WATSONVILLE—The Watsonville Certified Farmers’ Market continues to offer an array of fresh fruits and vegetables, and gives back to the community every Friday in downtown Watsonville.

While many shoppers stop by for a bag of kettle corn, fresh flowers, eggs, hot prepared foods or a jar of honey, the produce stands offer a wide range of products, many certified organic, to regular shoppers.

“I always come here for the organic vegetables,” said Susan Pearlman, who said she moved into the Pajaro Valley in 2015. “I like this stand (Esquivel Farms of Gilroy) because of their wide selection, and they make sure everything is fresh and organic. Today I’m picking up rainbow chard, potatoes, beets, lettuce and carrots. It’s just great that this is here so close to my home.”

On Friday Esquivel Farms, Tu Universo Farms of Gilroy, Alberto’s Farm of San Benito County, Perez Farms of Watsonville, and Castellanos Farm of Tulare County featured everything from potatoes to oranges, several kinds of lettuce and other greens, bell peppers, chili peppers, red, yellow and green onions, celery, carrots, radishes and more.

Jesus Castellanos of Castellanos Farm said his farm crew has been selling at the Watsonville market for about 15 years.

“Watsonville is about a three hour drive for us but our sales there are pretty good,” he said. “Right now we have three kinds of persimmons, pears, grapes, tangerines, oranges and more. We sell at many different farmers markets.”

Organic rainbow chard from Esquivel Farms is featured at the Watsonville Farmers Market.—Tarmo Hannula/The Pajaronian

Jesus Madrigal, market manager and president, said he sees a lot of regulars at the market, some coming away with more than one box packed with produce every week.

“There are a lot of teachers from Watsonville High School and many retired people that are very loyal to this market,” he said. “Some of them I see visiting three vendors. They’ll be more vendors as the weather gets warmer; we’re in the low season now with six vendors selling produce. Five of them will remain throughout the year.”

Madrigal said a vendor table costs $40 each Friday for a 10-by-10-foot spot.

Madrigal, who got his start at the market 19 years ago as a volunteer through Watsonville High, added that the market maintains a strong relationship with CalFresh.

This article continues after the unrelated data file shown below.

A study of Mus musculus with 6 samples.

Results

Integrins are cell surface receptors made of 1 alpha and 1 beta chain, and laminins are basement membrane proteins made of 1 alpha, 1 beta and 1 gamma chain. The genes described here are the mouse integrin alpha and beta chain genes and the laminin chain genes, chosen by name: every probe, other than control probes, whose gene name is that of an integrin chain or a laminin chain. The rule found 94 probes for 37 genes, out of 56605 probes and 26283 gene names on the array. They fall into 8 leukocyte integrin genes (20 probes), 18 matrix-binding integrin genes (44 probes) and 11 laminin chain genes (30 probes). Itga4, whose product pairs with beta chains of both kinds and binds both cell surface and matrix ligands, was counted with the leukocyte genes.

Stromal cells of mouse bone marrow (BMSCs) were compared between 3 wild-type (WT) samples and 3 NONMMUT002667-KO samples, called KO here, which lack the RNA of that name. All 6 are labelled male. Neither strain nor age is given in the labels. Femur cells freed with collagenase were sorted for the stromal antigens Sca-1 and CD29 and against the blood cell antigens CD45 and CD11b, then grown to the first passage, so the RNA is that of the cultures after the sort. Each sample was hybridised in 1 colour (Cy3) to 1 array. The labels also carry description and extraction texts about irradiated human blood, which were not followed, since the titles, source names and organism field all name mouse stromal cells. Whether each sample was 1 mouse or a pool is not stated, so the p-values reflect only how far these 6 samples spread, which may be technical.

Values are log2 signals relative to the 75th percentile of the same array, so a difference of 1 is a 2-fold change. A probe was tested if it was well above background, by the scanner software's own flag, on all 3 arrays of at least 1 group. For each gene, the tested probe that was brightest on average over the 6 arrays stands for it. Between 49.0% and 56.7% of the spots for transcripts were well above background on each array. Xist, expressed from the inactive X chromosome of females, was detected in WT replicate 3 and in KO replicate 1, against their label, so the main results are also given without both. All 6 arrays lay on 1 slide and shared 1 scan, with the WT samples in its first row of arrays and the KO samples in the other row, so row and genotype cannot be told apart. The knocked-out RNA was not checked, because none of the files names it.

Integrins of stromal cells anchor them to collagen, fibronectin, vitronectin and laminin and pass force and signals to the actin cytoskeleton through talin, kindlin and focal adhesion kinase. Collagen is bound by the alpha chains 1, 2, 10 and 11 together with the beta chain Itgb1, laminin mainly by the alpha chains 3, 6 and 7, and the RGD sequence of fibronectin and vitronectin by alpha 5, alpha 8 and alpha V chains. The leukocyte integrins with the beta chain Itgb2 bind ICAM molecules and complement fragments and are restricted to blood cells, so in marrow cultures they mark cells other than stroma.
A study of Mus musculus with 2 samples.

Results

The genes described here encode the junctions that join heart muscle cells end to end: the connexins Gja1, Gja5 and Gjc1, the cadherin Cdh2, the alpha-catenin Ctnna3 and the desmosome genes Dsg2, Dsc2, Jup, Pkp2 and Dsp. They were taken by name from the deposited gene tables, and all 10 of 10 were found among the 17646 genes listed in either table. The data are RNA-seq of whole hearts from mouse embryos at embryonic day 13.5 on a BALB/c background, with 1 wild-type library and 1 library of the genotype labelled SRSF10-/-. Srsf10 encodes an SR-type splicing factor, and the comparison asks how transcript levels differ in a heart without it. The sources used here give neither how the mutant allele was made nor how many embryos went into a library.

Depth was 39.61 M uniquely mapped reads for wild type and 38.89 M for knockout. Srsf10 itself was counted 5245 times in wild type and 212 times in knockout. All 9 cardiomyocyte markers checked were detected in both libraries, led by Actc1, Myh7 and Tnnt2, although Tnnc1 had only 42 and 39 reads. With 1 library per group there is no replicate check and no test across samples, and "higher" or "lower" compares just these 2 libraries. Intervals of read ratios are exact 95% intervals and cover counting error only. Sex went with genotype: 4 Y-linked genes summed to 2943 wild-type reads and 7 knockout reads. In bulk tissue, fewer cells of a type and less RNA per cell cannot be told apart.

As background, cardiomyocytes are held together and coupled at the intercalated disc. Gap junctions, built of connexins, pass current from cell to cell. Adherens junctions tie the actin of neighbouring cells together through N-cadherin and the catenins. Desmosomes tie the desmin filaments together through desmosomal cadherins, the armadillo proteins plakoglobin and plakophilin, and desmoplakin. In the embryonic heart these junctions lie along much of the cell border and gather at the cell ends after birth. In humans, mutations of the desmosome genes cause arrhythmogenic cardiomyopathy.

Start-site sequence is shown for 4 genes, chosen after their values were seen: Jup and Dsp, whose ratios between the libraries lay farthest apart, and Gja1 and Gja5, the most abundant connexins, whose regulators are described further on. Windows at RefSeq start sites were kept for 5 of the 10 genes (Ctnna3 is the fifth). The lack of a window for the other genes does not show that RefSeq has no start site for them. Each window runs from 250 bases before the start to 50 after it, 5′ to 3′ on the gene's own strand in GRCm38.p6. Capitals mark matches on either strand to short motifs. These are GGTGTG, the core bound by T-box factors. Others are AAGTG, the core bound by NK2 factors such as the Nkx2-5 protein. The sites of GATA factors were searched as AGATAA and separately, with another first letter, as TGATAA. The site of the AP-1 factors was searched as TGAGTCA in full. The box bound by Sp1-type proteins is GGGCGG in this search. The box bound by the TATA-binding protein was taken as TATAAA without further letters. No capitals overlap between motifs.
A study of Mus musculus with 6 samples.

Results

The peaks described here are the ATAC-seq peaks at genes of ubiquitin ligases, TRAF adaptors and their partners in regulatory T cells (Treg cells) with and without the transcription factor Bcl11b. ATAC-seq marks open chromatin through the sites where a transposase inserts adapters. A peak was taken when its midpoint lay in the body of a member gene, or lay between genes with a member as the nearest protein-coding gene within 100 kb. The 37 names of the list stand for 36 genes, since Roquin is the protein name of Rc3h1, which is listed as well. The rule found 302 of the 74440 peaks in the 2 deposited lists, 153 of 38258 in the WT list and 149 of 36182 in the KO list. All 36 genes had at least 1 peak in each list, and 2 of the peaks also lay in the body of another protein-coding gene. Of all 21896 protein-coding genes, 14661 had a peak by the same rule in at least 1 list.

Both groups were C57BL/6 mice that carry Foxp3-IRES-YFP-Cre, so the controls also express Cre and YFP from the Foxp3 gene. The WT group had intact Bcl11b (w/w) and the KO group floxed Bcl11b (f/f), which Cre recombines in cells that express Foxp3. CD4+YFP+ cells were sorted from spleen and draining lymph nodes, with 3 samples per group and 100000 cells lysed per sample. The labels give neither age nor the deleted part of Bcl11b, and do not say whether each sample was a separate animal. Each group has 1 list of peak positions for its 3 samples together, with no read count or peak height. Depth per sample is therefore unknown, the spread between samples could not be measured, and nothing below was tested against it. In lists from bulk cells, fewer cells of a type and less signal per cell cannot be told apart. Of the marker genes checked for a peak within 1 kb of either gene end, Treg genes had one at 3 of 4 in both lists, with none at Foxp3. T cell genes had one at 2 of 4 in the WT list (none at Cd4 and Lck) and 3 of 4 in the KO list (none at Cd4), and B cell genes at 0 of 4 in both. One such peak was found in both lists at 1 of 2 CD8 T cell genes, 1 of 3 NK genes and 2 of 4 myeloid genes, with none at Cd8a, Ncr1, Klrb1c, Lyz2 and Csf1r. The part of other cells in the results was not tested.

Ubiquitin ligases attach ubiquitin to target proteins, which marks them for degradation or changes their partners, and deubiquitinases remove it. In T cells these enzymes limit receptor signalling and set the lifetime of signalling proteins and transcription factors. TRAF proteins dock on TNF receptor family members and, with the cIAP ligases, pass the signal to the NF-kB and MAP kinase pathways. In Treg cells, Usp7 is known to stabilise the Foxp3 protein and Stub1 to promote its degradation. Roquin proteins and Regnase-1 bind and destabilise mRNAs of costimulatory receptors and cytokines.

The CalFresh Program, California’s version of the Supplemental Nutrition Assistance Program (SNAP), formerly known as Food Stamps, assists low-income individuals and households to purchase nutritional food.

“If you are registered with Calfresh, for every $10 you spend, CalFresh matches that,” Madrigal said. “That translates to around $500 every year of money that the market is giving to their customers through the state-funded program. Also this year Kaiser Permanente will be donating $5,000 for our match program next year. We will most likely do double-match incentives in May when we have more produce available for people.”

Double-match means that if shoppers use $10 of their CalFresh monies, the market, through Kaiser, will give them another $20 during May. Madrigal said the CalFresh program is a way for federal monies to go to the state and then be spent locally.

Additionally, Madrigal said one big difference he sees in produce offered at the market from grocery stores is freshness. He said while many supermarkets aim for longevity of produce, like waxing apples for a better appearance, farmers markets typically don’t maintain that profile, as most of the goods are harvested a day or two before they are sold.

“And, of course, the farmers market helps our local economy,” Madrigal said.